At Taylor Made Commercial we’re passionate about all things plants. They’re the natural partners to our custom made planters, so how could we not be?
However, you might not know about the number of ways in which plants can make useful additions to business premises and public places. As our opening blog on the Taylor Made Commercial site, we thought we’d take you through how plants can enhance your environment, and of course planters too!
Plants and planters offer an undeniable aesthetic addition to the places that they inhabit. Humans seem to find natural systems inherently beautiful, so it’s no surprise that we consider plants to have aesthetic value. Some scientists have suggested that plants invoke an ancient peace within humans because we associate their presence with an abundance of food, meaning that we don’t need to worry about foraging. Public spaces look as if they’re lacking something without the addition of greenery or plant life.
Studies have shown that adding plants into a working environment can notably include the productivity of a workforce. Multiple studies have suggested that this is the case, with an increase in productivity of 15% cited by an Exeter University study. Plants have also been found to allow people to be more creative, which is good news in most industries.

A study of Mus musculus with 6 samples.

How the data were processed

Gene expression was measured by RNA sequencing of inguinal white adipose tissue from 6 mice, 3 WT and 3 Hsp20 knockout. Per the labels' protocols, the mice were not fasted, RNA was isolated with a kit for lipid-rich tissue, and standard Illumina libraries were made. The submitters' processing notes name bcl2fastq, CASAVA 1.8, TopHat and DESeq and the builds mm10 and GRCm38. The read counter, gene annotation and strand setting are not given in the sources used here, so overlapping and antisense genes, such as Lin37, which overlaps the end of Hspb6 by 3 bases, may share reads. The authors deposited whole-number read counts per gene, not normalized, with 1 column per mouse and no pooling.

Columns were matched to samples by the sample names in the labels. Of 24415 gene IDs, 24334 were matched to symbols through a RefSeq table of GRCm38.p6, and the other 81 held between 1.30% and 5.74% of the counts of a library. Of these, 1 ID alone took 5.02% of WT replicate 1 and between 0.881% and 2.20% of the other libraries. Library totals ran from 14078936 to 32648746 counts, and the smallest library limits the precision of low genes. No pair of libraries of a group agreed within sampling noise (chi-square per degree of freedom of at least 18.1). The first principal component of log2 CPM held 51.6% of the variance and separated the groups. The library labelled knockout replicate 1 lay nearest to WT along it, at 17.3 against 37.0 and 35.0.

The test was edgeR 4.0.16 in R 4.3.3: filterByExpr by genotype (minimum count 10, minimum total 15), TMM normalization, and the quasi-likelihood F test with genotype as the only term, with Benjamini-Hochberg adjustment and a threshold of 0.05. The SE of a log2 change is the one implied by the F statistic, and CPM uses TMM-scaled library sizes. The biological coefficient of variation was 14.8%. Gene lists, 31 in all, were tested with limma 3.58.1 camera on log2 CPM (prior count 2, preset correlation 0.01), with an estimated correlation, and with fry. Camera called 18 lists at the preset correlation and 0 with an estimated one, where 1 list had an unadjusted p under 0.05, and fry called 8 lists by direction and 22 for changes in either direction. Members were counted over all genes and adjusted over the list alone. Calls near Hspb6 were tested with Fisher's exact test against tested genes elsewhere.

It’s well known that plants convert carbon dioxide into oxygen by night, consistently purifying our global atmosphere. What many people don’t know is that this can also have an impact on a much smaller level. Plants can remove toxins from an office environment, reducing the likelihood that employees will suffer from the side effects of these – notably the modern-day phenomenon known as ‘Sick Building Syndrome’. Research has found that airborne toxins were reduced by 50% in offices which contained plant life. This resulted in employees taking far less sick days, which is again a bonus in terms of productivity.
People experience less stress when they are surrounded by plants and greenery. People surrounded by plants report a greater sense of well-being, along with decreased anxiety, anger and fatigue – claims that have been supported by a large range of studies. This is obviously a huge benefit to humans in general. Notable biologist, Edward Wilson, coined this effect ‘biophilia’ in his work looking into the affinity that humans feel with plants and the natural world.
Plants can help to create a sense of tranquillity by literally muffling and decreasing the amount of noise in a space. Gardens which are shaded by trees are subjected to decreased road noise, and plants contribute to reducing ambient noise in offices and work spaces. As excess noise is a much-cited cause of stress in the modern world, the addition of noise-muffling greenery can only be a positive addition to a workspace or public environment.